One of the issues of being a writer of news for a lot of different awesome topics under the banner of “geek” is that most of the time, you want to try and be objective about the actual news part of it, so that the information is effectively communicated with your reader. That often means that you need to check most of your opinions at the door, unless you think they’ll serve to contextualize the facts you’re presenting, and as long as you clearly communicate that part of what you’re writing is either speculation or opinion.
That’s what’s nice about separating from news writing and going straight for an editorial piece: the proverbial gloves can come off, and you can just say what you think. With that in mind, I think that creating a Ghostbusters shared universe is a bad idea.
On paper, it sounds fine: create an intertwining, shared narrative structure for multiple narrative products to play in, and open up the possibility for those independently established characters to then meet up in some kind of crossover. Makes sense, right? The only problem, of course, is that it seems like everyone wants to do this now with as many genre properties as they can get a hold of. While it’s not exactly unwarranted thinking, there seems to be an imminent flood of supply when it comes to live-action, fictional shared universes in addition to the already established Marvel Cinematic Universe, which is largely responsible for innovating the concept.
We’ve also got a DC Cinematic Universe on the way, with Batman v Superman: Dawn of Justice spinning out of the events of Man of Steel to create a shared world between the DC Comics-based films from Warner Bros. This seems like a given, though, since the characters of DC Comics have been operating in a shared universe in the source material for decades. Out of left field came the announcement that Universal Pictures is seeking to create a shared universe based on their classic Monsters properties, with the likes of Dracula, the Mummy, the Creature from the Black Lagoon, and others comprising it. That one’s a little bit more of a stretch, but the characters are diverse, and the films go back to the 1930s, so you could argue that there’s enough history and interesting occupants that a universe may not be completely unreasonable.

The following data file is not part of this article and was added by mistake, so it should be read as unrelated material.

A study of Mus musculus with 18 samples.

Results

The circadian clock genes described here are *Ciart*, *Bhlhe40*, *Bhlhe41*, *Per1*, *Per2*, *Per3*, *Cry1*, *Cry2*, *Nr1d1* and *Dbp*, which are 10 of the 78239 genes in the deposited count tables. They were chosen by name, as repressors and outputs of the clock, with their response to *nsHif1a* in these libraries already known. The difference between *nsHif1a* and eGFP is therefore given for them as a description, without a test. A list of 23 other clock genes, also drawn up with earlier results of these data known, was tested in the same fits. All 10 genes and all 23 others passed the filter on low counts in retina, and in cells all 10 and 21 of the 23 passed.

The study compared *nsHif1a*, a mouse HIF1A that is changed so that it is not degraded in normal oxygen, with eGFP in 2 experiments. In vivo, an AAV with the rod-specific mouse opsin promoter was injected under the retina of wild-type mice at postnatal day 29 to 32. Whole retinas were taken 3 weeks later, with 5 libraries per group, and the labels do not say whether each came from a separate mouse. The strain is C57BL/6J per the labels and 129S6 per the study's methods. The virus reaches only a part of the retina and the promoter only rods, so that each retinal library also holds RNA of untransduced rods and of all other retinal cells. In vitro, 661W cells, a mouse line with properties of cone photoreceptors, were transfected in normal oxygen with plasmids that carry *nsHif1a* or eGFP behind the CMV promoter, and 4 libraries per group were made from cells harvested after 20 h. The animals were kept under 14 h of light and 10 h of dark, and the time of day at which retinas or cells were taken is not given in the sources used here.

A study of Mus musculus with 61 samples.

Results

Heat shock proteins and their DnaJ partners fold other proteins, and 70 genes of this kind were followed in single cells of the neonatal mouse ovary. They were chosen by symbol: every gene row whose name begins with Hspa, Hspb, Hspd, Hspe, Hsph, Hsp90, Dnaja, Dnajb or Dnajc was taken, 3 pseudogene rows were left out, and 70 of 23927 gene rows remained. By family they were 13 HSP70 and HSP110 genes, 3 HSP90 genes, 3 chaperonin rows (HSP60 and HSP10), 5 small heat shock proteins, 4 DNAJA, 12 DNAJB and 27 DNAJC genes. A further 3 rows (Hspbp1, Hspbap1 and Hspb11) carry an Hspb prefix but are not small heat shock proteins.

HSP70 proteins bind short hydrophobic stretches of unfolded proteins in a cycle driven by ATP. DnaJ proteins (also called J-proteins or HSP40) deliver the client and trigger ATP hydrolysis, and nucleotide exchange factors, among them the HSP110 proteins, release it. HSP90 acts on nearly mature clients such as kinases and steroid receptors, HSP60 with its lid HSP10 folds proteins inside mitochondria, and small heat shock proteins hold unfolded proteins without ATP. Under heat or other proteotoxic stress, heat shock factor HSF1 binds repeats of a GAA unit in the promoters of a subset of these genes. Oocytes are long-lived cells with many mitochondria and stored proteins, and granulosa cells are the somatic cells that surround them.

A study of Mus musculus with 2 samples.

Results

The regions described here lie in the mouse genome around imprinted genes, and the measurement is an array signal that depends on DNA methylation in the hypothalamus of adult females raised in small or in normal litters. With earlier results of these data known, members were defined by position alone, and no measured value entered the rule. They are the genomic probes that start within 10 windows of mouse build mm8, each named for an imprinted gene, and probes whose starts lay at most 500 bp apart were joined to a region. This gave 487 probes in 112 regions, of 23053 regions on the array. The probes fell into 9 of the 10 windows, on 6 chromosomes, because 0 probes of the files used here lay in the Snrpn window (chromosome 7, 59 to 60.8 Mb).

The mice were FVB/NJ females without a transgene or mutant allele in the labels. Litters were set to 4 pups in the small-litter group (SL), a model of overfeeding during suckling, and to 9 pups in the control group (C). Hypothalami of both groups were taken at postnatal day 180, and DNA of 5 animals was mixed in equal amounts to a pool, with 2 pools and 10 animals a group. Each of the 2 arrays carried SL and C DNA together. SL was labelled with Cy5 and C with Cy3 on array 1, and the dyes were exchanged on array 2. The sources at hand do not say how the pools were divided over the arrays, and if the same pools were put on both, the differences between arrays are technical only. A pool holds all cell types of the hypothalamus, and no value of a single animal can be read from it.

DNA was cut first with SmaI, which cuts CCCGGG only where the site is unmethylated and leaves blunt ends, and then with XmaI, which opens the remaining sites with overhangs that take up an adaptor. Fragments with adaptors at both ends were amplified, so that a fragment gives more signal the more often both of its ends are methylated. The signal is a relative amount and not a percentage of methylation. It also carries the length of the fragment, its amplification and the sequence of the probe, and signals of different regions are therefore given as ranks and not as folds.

And then, there’s Ghostbusters. With source material comprising only two films released in the 1980s — one of which being generally looked down upon — there doesn’t seem to be a very diverse character set or situation outlook to effectively populate an entire shared universe, so a lot of it will need to be fabricated. That task is certainly not impossible, and the property is very well loved by millions of devoted fans, but shared universes are all about longevity. How long can a universe subsist if it can’t tell a series of diverse stories with a lot of different characters? And now, with a prominent rumor saying that the original film will never have happened in the formulation of the new universe, where exactly could they be gong with it?
Any comic book fan will tell you: the ongoing DC and Marvel universes have existed for a long time because they’re not tied to one respective genre, or one specific character. It’s a cumulative affair that thrives on many different characters, and many different realities, permitting many different stories. On that basis, a Ghostbusters shared universe just doesn’t seem like the kind of work that you base an entire universe on, and as much as I love the first films (both of them), I just have a very difficult time seeing this as a good idea.
Also, as a massive fan of the original cast, my anticipation for new Ghostbusters — which I had been maintaining since the early 90’s — frankly died with the death of Harold Ramis. If you’re going to create a new universe without even a mention of the original cast, then I just can’t get onboard with the idea. There will be new Ghostbusters, but there will only be one set of real Ghostbusters. If you, Sony, can’t be bothered to include them in some fashion either as history for your new universe or as the mentors of your new crew, then I honestly don’t know what to make of you.
Maybe they’ll succeed, but I and many others will likely be very surprised — and pleasantly so — if they do. Just don’t forget where you come from.